Nico360 is a very compact, waterproof 360-degree camera. Yesterday, they posted an actual full resolution sample photo. The photo stirred some controversy among backers. Here’s why I’m not concerned.
Some of the reactions to the photo:
“The new upload photo quality let me shocked! I felt a little disappointed. What can be refunded?“
“@Mr. Huang Photo quality is terrible…………. how come………….. because low light? everything are blur…… and the color is strange…… and so heavy noise….. really not acceptable ……“
“The 360 photo quality no so good! I felt a little disappointed.“
The reactions prompted Nico360 to apologize about the image quality of the sample.
“The firmware is not finished especially the ISP(Image Signal Processor) part. We integrated parts of the whole methods but did not have enough time to make them work together. So the image you saw is nearly the raw data without a common image processing step.
We are very sorry to deliver this rough image at this time. But in the future updates we are confident to make progress. I will show the changes version by version to get a satisfactory result.“
In my opinion, I think Nico360’s explanation is credible. Even yesterday when I saw the photo, I found it encouraging, not troubling. Obviously, I’m not blind to the colors and contrast. However, I know this is just a prototype photo. Issues such as contrast, white balance, and colors are easily adjusted. Ditto with the stitching.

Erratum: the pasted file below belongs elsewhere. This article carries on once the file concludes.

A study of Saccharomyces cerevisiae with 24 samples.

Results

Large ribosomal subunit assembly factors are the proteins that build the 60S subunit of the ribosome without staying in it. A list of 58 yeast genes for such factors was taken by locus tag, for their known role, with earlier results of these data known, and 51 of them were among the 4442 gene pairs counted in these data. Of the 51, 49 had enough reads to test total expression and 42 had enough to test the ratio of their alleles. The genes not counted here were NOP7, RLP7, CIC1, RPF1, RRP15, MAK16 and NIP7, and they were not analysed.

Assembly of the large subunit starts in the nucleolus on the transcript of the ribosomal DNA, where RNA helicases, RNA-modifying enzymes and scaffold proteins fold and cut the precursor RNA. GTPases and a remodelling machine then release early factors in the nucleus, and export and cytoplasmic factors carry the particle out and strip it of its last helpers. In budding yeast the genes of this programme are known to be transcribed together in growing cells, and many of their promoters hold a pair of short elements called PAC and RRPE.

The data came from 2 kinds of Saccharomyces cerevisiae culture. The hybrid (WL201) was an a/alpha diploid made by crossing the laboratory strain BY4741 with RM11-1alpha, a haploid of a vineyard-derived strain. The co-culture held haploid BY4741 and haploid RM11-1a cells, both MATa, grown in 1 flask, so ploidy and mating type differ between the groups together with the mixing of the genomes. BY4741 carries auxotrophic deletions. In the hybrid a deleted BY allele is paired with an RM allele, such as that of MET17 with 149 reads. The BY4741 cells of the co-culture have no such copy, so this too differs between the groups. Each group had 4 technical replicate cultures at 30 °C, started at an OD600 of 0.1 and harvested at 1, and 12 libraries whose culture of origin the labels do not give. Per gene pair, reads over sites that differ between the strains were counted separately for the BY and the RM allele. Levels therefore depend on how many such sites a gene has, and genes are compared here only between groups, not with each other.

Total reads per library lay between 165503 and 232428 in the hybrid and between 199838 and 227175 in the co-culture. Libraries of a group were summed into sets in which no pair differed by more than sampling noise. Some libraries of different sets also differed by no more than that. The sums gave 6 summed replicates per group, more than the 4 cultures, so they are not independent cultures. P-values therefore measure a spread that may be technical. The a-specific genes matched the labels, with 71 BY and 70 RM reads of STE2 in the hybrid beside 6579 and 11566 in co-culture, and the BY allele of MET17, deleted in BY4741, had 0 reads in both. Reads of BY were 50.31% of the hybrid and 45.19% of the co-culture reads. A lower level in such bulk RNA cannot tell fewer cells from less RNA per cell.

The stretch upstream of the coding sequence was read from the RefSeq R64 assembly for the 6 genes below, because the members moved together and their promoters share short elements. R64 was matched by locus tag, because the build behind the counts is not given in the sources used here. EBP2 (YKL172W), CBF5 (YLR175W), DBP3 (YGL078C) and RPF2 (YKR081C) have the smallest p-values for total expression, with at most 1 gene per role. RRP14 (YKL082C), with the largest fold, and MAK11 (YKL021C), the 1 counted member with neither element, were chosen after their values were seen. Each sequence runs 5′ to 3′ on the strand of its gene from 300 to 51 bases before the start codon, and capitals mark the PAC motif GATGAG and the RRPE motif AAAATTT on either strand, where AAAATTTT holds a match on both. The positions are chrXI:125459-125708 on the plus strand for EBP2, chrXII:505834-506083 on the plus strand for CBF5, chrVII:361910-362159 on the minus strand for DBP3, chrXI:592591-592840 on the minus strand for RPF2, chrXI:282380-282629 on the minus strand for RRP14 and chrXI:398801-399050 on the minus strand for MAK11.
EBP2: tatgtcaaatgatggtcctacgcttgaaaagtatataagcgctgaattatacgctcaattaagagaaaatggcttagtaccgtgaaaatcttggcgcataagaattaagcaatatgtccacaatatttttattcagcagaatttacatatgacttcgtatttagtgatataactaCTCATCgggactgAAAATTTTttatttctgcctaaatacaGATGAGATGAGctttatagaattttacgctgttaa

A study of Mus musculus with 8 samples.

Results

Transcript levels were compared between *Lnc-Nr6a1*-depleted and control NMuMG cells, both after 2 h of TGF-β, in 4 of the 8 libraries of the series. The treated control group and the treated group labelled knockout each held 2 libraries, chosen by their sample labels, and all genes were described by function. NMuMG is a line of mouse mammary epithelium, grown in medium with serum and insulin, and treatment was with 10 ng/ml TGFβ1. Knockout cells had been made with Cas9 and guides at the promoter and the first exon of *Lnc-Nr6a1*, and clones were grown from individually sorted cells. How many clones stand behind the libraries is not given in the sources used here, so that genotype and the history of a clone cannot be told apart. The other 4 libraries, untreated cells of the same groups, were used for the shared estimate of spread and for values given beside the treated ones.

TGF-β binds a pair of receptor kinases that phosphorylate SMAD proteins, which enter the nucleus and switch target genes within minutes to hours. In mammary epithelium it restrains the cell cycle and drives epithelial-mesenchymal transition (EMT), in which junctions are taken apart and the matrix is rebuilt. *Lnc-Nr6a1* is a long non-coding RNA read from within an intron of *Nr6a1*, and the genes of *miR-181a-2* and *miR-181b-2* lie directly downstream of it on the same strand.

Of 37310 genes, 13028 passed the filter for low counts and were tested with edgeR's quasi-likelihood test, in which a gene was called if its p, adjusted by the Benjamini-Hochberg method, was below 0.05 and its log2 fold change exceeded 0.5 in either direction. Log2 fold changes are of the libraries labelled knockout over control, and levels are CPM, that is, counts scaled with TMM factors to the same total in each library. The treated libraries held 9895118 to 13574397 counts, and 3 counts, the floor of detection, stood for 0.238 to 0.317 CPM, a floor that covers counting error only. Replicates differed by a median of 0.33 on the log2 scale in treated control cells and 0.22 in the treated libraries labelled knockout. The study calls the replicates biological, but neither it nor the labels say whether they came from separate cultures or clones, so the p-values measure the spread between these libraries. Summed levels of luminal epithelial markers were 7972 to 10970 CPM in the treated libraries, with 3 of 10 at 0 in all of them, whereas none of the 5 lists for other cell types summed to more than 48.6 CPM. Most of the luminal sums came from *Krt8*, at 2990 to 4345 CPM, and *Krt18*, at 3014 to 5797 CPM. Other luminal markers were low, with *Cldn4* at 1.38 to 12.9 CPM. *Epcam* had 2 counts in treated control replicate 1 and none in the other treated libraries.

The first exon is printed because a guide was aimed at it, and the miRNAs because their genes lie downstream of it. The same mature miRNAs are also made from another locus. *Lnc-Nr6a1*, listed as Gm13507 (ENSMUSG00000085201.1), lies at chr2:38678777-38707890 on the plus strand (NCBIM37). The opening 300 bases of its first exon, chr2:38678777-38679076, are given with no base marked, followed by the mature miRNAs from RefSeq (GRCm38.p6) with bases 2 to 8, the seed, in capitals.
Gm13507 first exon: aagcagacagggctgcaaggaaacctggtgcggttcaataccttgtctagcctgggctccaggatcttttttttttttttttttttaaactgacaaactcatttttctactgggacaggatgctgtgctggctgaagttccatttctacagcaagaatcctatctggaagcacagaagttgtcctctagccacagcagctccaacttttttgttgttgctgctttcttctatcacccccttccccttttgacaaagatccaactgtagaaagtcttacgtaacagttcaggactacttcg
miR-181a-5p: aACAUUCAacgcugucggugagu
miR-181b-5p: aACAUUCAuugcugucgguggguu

Just for fun, I edited the photo to bring it a little closer to what it will probably look like, using only global changes (no local adjustments):
Here’s my edited version:
It’s not perfect yet, and plus I was working only with a JPG rather than the RAW, but hopefully it gives people an idea of what the final version is very likely to be capable of.
There ARE some things that are much harder to change – like resolution for example. In that regard, the sample was pretty good, showing what appears to be real 24mp resolution. The lens seems sufficiently sharp, and I didn’t see serious issues with the lens. Chromatic aberration seems well controlled, and I didn’t see any glare artifacts despite the very bright light. The photo was almost a torture test, and under these tough conditions, the sample from a prototype showed decent performance, in my opinion. In other words, the really important aspects of the photo — those that are difficult to change — were pretty good, actually better than I expected. So, personally, I’m looking forward to the Nico360.